Pine, Strawberry Bustle With Labor Day Fare

High gas prices don't stop Valley visitors


Held Sept. 3 and 4 at the Pine Community Center, the Labor Day festivities drew hundreds of bargain hunters eager to escape the searing desert heat in favor of cool mountain temperatures.

Among the biggest draws of the event were the many booths and tents where artisans from around the Southwest hawked handmade items from wooden cooking spoons to hand-painted rocks.

Vendors at a wiener wagon, snow-cone machine and kettle corn stands were kept busy cooking up finger-licking delights eagerly devoured by young and old alike.

Each morning of the festival, the Pine-Strawberry Fire Department cooked up an old-fashioned pancake breakfast and served it to early risers.

Members of the Strawberry Elite service club joined in to help the firefighter.

Sue Montgomery, of the Pine-Strawberry Fire Department, said Kiwanis members asked the firefighter to take over sponsorship of the breakfast because the club's membership had dwindled to the point the club was not able to host the benefit.

The proceeds from the breakfast, which have not yet been totaled, will be used by the fire department to purchase much-needed supplies and equipment.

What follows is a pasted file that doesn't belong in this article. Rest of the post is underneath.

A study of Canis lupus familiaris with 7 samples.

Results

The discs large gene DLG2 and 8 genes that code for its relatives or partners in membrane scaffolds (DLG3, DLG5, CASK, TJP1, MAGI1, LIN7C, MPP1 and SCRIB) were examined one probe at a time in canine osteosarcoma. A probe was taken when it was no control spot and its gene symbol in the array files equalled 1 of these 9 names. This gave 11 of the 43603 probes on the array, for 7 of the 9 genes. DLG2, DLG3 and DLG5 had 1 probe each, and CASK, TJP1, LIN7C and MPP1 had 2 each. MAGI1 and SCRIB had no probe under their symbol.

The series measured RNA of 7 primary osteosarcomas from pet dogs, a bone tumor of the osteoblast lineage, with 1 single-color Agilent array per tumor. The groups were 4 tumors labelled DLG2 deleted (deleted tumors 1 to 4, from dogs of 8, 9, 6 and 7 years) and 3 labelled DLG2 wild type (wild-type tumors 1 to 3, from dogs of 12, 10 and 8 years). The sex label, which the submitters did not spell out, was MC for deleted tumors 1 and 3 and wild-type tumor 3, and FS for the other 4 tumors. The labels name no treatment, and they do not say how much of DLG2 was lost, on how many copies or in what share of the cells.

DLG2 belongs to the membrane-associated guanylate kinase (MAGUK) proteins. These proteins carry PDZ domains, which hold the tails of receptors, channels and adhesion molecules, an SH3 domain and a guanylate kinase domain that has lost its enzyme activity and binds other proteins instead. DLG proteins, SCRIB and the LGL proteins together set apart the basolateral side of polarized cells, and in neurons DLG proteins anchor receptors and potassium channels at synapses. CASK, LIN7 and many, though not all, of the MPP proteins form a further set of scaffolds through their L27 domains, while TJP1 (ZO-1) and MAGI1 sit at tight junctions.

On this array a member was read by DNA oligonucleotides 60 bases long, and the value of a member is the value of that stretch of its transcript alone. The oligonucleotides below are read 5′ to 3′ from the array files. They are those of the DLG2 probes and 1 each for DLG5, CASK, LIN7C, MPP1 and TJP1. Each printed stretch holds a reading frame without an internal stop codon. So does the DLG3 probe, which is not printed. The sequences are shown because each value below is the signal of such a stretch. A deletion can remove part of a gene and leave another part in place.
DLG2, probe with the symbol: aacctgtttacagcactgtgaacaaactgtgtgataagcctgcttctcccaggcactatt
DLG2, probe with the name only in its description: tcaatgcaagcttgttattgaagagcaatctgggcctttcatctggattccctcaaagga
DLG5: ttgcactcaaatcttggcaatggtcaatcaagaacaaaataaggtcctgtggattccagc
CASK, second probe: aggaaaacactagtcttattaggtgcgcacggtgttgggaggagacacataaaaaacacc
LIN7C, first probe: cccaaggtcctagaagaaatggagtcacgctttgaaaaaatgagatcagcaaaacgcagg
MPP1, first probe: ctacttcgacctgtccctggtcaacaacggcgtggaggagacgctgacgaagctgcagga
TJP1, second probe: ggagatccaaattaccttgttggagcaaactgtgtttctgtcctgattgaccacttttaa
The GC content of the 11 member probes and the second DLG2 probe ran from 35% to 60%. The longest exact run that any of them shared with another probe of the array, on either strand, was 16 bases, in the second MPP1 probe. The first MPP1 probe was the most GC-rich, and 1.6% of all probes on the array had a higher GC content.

The Strawberry Elite will use their share of the profits to fund humanitarian projects in the area.

Some visitors took the opportunity to visit the town museum, where artifacts dating back to the 1800s when Mormon pioneers first settled the two small communities of Pine and Strawberry were displayed.

Another popular draw in the museum was a video presentation on the life and times of the early pioneers.

Some visitors traveled about 6 miles northwest to the one-room Strawberry Schoolhouse. The school, now on the National Register of Historic Places, was originally built in 1885 of hand-hewn pine log. It has since been fully restored and outfitted with period desks, chalkboards and school books.

Dan Rankin, of Mesa, said visiting the schoolhouse was like taking a step back in time.

The arts and crafts festival was the final of three held this summer in Pine. All three drew overflow crowds.

Others were held Memorial Day and Independence Day.